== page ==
Illegal immigration: Too hot for the NFL

Did concerns about future expansion in Latin America lead the NFL to refuse to run a recruitment ad for the Border Patrol during the Super Bowl?

Published February 14, 2007 8:37PM (EST)

The Moonie-owned, right-wing propaganda attack dog impostor of a newspaper that styles itself the Washington Times actually broke some news today: The NFL refused to run a recruitment ad for the U.S. Border Patrol during the Super Bowl.

The advertisement's references to immigration and terrorism were too "controversial," said NFL spokesman Greg Aiello.

But such considerations did not dissuade the NBA All Star Game, the NCAA Final Four, and, perhaps the most respected and influential of all sports media outlets, Pro BullRider magazine, from agreeing to run the ad, according to a Border Patrol spokesperson.

Imagine that, those NFL tough guys getting shown up by professional bull riders! That's gotta hurt worse than a 340-pound defensive tackle stomping on your abdomen.

But even more ouchy is the hurtful, hurtful accusation by T.J. Bonner, president of the National Border Patrol Council, that the NFL's decision to reject the ad "appeared to be an attempt to try to avoid upsetting the emerging market of football fans in Latin America."

It's not often that you hear the NFL pilloried for being unpatriotic. So you have to cherish the rare occasions on which it does happen. And it is true, the NFL has big plans for global conquest. In October 2005, 103,467 people attended an NFL game in Mexico City. As the New York Times reported a week ago, building a Hispanic fan base (which has proved more difficult within the U.S. than without) is a high priority. And what more evidence do you need than the words of the commissioner of the NFL himself? In a speech at Georgetown University in 2004, Paul Tagliabue went so far as to say that one of the primary issues for the future of the NFL "concerns international expansion because I expect that the future of all sports will be tightly intertwined with globalization."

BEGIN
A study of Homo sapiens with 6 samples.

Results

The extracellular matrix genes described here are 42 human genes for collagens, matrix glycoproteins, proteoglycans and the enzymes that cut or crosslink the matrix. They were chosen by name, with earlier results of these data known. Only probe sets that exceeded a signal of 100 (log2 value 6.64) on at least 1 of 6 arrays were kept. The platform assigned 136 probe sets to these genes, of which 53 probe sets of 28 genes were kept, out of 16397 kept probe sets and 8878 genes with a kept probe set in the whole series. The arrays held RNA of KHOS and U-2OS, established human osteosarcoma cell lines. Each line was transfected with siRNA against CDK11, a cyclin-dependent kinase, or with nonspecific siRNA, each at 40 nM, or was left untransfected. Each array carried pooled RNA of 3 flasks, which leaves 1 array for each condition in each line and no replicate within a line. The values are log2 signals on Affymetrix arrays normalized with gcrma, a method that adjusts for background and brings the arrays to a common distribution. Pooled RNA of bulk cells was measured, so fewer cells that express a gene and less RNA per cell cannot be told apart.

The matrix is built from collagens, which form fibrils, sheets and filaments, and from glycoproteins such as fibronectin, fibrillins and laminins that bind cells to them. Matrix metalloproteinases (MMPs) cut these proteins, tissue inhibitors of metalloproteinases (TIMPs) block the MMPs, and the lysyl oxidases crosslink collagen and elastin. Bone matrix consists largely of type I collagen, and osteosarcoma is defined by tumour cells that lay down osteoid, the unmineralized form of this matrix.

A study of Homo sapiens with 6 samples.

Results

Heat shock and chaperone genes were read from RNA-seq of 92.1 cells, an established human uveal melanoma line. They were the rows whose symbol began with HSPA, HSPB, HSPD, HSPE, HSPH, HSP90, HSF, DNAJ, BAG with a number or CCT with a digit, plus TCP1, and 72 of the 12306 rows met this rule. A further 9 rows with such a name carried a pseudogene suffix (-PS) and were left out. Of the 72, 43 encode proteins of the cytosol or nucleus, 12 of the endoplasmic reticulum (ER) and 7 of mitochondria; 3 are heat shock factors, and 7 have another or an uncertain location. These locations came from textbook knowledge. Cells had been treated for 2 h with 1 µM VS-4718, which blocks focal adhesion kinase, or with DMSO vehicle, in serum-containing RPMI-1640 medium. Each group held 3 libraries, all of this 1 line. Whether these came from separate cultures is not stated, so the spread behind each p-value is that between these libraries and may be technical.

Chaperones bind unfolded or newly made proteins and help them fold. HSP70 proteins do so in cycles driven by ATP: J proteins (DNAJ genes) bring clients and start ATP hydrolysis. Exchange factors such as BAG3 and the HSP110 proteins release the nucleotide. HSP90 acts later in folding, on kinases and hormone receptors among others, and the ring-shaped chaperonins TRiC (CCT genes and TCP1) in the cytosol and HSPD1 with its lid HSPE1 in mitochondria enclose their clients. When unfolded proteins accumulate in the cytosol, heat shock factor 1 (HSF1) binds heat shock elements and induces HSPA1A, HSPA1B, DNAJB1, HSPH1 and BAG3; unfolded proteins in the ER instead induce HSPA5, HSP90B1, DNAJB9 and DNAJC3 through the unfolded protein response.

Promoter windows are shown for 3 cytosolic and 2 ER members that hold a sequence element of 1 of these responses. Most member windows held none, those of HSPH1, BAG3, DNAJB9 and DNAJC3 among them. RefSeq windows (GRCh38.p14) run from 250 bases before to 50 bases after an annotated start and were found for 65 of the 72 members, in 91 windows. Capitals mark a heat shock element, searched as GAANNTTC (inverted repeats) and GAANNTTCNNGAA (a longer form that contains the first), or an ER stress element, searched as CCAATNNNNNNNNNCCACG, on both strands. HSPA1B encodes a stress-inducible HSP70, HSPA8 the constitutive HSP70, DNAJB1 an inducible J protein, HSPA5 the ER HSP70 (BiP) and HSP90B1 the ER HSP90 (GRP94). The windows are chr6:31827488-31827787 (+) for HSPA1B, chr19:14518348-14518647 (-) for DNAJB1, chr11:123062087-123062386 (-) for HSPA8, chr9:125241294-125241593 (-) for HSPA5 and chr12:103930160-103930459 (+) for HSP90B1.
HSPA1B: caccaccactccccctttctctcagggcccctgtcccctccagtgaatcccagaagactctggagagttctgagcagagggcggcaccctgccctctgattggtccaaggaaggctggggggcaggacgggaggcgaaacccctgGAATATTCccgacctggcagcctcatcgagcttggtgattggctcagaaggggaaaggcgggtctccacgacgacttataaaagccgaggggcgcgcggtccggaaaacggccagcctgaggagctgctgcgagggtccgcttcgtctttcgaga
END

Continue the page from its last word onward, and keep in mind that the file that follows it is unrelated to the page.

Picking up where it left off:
Tagliabue went on to declare:

We need to adapt to the changing role of America in the world. In his recent book, "Soft Power," Joseph Nye argues that a key source of Americab

The NFL is the ultimate sports corporation, and we all know that corporations lust after open borders so they can exploit cheap labor at home and abroad. So there is some synergy at work here. But I consulted with Salon's own arbiter of all things sporting, King Kaufman, and we agreed that when the NFL rejects something because it is "controversial," it is safe to take the organization at its word. Unless it involves erections that might last for 16 hours (call a doctor!) or gay-bashing, the NFL is going to say "no mas!" The NFL treats anything that has any kind of political content with more caution than a professional bull rider eyes a rabid bull with human gore dripping from his horns. They don't call it the "No Fun League" for nothing.

So while part of me desperately wants to shout from the mountaintop that the NFL is run by open-borders one-worlders who will turn a blind eye to illegal immigration because they want a whole continent of Catholics shouting Hail Mary in Spanish every time Peyton Manning goes back to throw a bomb on the last play of a close game, I'm just going to have to sigh, and say, no, not this time.

By Andrew Leonard

Andrew Leonard is a staff writer at Salon. On Twitter, @koxinga21.